Financial busts are an inescapable consequence of innovation, The Economist intelligently argues, and the impulse to control them is misguided.
Governments face a choice, the Economist says. They can accept that no amount of regulation can eliminate risk, or they can embark on a quixotic quest to control and eliminate risk and thereby doom the economy to anemic growth:
there are two reasons to hesitate before plunging headlong into a purge of the system. First, finance was not solely to blame for the crisis. Lax monetary policy also played a starring role. Low interest rates boosted the prices of assets, especially of housing, which in turn fed into complex debt securities. This created a spiral of debt that is only now being unwound…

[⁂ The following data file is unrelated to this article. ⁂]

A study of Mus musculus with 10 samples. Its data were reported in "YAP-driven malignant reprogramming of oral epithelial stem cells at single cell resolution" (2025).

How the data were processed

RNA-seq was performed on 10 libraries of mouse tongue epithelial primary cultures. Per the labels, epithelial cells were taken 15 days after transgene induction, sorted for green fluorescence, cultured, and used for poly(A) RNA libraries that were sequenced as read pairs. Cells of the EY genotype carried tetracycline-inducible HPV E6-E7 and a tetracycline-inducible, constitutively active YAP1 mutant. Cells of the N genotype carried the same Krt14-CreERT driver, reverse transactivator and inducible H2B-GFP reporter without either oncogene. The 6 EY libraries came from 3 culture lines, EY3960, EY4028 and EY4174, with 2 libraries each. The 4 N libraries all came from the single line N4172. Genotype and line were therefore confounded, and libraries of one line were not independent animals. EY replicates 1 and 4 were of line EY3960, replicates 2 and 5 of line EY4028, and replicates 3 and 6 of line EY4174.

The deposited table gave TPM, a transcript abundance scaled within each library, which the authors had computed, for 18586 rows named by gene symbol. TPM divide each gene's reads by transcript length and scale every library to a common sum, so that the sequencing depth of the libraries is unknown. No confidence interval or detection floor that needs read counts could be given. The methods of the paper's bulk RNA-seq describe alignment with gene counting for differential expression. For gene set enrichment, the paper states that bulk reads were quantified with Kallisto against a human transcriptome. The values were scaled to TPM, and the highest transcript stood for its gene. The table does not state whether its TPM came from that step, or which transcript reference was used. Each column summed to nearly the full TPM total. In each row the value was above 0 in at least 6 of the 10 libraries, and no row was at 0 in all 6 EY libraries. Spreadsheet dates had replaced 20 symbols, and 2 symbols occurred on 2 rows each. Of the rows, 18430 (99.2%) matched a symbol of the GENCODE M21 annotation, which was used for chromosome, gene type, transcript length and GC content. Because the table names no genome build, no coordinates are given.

The second reason to hesitate is that bold re-regulation could damage the very economies it is designed to protect. At times like this, the temptation is for tighter controls to rein in risk-takers, so that those regular, painful crashes could be avoided. It is an honourable aim, but a mistaken one.
Regulators cannot know how trust will ebb and flow as new markets develop the experience and practice they need to work better. They therefore cannot predict the peril of new ideas. They have to let new markets develop, or stifle them. The system learns—dangerous junk bonds are reborn as respectable high-yield debt; bankers will now be scared of extreme leverage—but it is delicate, as the world learned last summer.
Busts are painful, but anyone claiming that they can prevent the next one is selling snake oil.